I work hard doing work I love. I am fortunate in that. And, I get to mostly do it from home which takes away a lot of the daily stresses (clean clothes, lunches, commutes). And yet, without the guardrails of regular work hours and employer expectations, it is easy to start to work all the time. Maybe not for hours on end but in bursts and starts that eventually take over the whole day. Work is always the focus.
Checking email is the worst culprit: quick glances throughout the day and following up with minor issues that didn’t need same day responses. (I get lots of “wow, thanks for getting back to me so quickly,” replies by way of example.)
And then, I had my hip replaced on December 11, 2019, and made a promise mostly to myself to just let it all go. Put up an out of office and go on leave. And, miracle of miracles, I did it. At first, it was because I really was in recovery, but after ten days, I was doing well both physically and mentally and would have been easily able to dive in. Yet, I didn’t even as I saw the number of messages ticking upwards in the app. Life could and would go on without me.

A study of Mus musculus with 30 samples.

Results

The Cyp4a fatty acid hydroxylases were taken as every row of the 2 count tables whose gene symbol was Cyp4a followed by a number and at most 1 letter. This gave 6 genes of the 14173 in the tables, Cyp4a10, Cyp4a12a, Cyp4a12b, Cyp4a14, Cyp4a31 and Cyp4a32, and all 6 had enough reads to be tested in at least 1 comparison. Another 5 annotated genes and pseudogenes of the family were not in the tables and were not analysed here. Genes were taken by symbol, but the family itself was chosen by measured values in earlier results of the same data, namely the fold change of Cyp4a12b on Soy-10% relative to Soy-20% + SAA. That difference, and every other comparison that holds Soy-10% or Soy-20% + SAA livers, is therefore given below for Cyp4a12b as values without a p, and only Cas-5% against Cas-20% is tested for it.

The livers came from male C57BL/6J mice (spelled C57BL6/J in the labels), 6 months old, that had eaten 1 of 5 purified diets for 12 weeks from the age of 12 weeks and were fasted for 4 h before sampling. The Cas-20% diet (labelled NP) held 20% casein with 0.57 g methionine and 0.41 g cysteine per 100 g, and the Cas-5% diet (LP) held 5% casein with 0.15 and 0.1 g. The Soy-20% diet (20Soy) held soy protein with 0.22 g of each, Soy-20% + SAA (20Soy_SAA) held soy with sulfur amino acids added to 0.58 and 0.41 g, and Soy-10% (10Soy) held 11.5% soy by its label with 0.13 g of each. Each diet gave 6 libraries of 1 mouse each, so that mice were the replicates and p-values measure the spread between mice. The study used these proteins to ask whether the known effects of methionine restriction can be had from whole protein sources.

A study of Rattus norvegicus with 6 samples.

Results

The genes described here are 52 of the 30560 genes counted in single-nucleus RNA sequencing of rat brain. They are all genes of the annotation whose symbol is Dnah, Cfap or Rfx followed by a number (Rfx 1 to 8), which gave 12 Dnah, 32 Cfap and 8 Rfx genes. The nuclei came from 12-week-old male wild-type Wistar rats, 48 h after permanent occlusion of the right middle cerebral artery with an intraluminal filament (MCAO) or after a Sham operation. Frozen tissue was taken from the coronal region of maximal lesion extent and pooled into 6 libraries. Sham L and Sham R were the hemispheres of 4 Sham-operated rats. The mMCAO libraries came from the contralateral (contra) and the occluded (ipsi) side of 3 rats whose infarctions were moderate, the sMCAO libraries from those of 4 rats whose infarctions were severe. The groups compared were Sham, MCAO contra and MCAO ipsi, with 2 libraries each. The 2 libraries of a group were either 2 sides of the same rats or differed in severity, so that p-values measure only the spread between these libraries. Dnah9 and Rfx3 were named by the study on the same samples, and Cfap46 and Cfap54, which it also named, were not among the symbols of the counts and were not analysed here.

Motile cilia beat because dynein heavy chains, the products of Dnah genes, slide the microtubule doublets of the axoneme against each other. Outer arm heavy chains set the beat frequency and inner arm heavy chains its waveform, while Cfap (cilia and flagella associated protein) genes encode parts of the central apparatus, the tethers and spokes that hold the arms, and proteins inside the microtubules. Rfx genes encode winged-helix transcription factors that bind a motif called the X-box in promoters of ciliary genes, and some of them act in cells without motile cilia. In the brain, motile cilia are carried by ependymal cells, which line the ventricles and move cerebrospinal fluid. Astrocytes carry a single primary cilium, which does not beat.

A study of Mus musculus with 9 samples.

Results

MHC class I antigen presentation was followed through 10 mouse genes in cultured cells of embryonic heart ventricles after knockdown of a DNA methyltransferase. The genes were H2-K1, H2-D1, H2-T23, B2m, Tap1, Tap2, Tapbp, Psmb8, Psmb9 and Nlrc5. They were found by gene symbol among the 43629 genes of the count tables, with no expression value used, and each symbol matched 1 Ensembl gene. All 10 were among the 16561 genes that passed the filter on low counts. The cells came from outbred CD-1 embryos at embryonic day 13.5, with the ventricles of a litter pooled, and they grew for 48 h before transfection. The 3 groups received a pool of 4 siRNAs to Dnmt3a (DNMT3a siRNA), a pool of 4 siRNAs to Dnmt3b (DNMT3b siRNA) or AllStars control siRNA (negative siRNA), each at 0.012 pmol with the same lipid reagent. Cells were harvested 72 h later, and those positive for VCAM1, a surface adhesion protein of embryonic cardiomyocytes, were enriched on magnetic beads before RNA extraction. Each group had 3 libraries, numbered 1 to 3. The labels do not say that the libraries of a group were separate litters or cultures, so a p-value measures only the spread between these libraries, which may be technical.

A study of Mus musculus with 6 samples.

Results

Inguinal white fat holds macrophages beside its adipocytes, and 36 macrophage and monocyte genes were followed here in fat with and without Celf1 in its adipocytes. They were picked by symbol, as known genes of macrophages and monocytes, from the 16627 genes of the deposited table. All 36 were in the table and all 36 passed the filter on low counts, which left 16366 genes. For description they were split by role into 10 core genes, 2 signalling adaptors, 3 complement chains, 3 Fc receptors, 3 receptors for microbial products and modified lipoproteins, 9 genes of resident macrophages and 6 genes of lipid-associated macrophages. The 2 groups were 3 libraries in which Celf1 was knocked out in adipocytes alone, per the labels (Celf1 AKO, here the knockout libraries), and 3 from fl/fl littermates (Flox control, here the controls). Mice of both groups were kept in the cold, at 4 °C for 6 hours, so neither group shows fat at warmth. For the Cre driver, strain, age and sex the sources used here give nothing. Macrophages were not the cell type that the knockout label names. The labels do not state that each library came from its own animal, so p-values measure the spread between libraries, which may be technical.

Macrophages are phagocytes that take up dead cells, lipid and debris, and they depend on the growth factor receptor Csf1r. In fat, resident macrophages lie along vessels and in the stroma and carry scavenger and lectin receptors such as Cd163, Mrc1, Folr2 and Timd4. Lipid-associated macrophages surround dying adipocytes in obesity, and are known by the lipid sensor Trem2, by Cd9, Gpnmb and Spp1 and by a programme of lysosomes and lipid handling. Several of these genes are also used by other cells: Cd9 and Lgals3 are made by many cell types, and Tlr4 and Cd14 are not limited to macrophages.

What did I do instead? First, I didn’t go offline completely. But, I did redirect my time. I tried to get engaged in Twitter more deeply than just retweeting and liking. I had a little success with some conversations. I also got more involved in LibraryThing and continue to make that community my priority for online interactions.
Offline, I read, played the piano, and crocheted, finishing up some of my Christmas gifts and then diving into my first piece of crocheted clothing: a sweater vest for my dad. It took a couple tries to get going but it is coming together nicely. I am a little worried that it is going to be too big but I guess that is better than too small.
So, as with many of you out there, this morning was something of a shock to the system. Honestly, the email was easily dealt with (mostly spam and promotions and updates), but after 90 minutes of reading and adding to the task list, I was tired, longing for the freedom of the past three weeks. And, I thought, there wasn’t any reason not to close out and take a break. So, that’s what I did. Took a break. Read a book. Wrote this blog post. Had lunch with my husband.
And, tried hard not to feel guilty that I hadn’t immediately put my shoulder to the proverbial grindstone the way most of my colleagues are doing at this very moment. From break to work without any kind of real transition. It’s tough for adults and probably tougher for the kids. Learning to put work in perspective, learning how to create a humane schedule, learning when you work best or when you need a break. All of those are lessons that, evidently have taken me 20 years and a new hip to learn. I wonder how we might help our children learn them along the way?